Performance of The Nigerian Economy in 2018 - Implications


Monday, February 18 2019  02:46 PM / FSDH Research

Ahead of the Presidential election, the National Bureau of Statistics (NBS) released its final judgment on the performance of the Nigerian economy in 2018. The report containing the judgment shows that the Nigerian economy has continued to recover. The economy expanded by 1.93% in Full Year (FY) 2018, higher than 0.82% recorded in 2017. Great performance, right? Before you start your jubilation, hear this: the Nigerian economy is growing slower than the growth rate in its population, an indication of growing poverty! This means that the economy is not expanding in such a way that can create enough job opportunities for the unemployed population, which the NBS put at 21million as at Q3 2018(our report on how to create jobs in Nigeria to reduce the number of unemployed people is available on our website). Although that is the sad reality, there is a way out. Nigeria can grow at above 6% if appropriate policies and the will power to implement the policies are in place.

If you are searching sectors of the economy to start a business or to lend money to, you should be looking at the fastest growing or largest sectors of the economy. These are also the sectors where policymakers can easily achieve tangible results to show the impacts of their policies on the economy. Therefore, such sectors usually command government's attention and 'protection'. The most influential sectors that drove performance in FY 2018 are: Information and Communication; Agriculture; Manufacturing, Transportation and Storage, and Mining and Quarrying sectors. The five fastest growing sectors on average between Q1 2017 – Q4 2018 are Electricity, Gas, Steam, and Air Conditioning Supply; Transportation and Storage; Water Supply, Sewage, Waste Management and Remediation; Information and Communication and Mining and Quarrying.

The fragile recovery in the economy means that additional policies which would fast-track economic activities in the country are urgently required. This means it will be a hard sell for the Central Bank of Nigeria (CBN) to increase key interest rates in the country. Increase in the key interest rates like Monetary Policy Rate (MPR), Cash Reserve Requirement (CRR) and Liquidity Rate (LR) may not be in view in the short-term. Usually, an increase in the MPR, CRR and LR may help to reduce a high inflation rate and keep the foreign exchange rate stable. However, such actions have the tendency to reduce economic growth, effectively 'to rob Peter to pay Paul'.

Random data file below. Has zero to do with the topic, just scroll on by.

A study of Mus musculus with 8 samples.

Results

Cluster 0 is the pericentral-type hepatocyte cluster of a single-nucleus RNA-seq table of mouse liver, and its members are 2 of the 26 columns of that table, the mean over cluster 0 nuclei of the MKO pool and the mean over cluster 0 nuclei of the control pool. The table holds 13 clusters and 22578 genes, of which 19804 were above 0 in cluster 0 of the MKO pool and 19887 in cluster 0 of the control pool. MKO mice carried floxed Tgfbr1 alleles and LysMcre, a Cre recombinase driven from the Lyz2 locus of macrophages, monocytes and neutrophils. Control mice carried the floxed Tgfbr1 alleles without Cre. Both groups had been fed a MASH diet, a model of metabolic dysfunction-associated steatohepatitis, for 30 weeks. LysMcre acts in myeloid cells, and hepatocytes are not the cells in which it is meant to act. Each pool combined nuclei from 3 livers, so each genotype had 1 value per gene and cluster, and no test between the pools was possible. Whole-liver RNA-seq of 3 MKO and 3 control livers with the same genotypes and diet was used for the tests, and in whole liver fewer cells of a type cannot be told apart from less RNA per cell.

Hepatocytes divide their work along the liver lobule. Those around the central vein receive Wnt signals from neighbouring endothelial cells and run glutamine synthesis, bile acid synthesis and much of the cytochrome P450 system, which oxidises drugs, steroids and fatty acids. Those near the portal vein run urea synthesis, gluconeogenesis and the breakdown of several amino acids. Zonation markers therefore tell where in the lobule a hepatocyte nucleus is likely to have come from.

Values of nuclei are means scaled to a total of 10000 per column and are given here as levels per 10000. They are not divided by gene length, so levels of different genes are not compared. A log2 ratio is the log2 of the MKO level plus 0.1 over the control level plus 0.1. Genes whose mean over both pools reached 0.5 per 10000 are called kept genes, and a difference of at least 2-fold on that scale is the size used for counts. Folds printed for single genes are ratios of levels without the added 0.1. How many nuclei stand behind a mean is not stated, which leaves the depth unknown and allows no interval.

The growing recovery in the economy, if sustained, will reduce the business risks inherent in the country, which usually scare away investors. No-one wants to set up a business in an economy that is in recession. After a free and fair election in Nigeria and tangible efforts to improve the infrastructure in the economy, we expect Nigeria to attract more domestic and foreign investment in the non-oil sector. This would stimulate lending activities, which would pull the finance and insurance sector out of economic recession.

Nigeria is in 'marriage' with the Organization of the Petroleum Exporting Countries (OPEC), and therefore Nigeria cannot pump any amount of crude oil that it desires outside the dictates of OPEC. In addition, Nigeria has no control over the price of crude oil. Therefore, the best Nigeria can do is to ensure that it maintains the current peace in the oil-producing regions in Nigeria so that it can continue to produce crude oil that meets its production quota. These developments may mean that the country's efforts to move the sector out of recession are limited. Nigeria should, however, continue to encourage the establishment of business in Nigeria that will promote the growth of solid mineral development. This, in turn, will stimulate activities in the Mining and Quarrying sector of the economy.

Urgent intervention in the education and real estate sectors are required. These are labour-intensive sectors that can generate jobs for both skilled and unskilled labour. The expansion in these sectors can also promote economic activities in other sectors of the economy and help to generate jobs while growing the economy.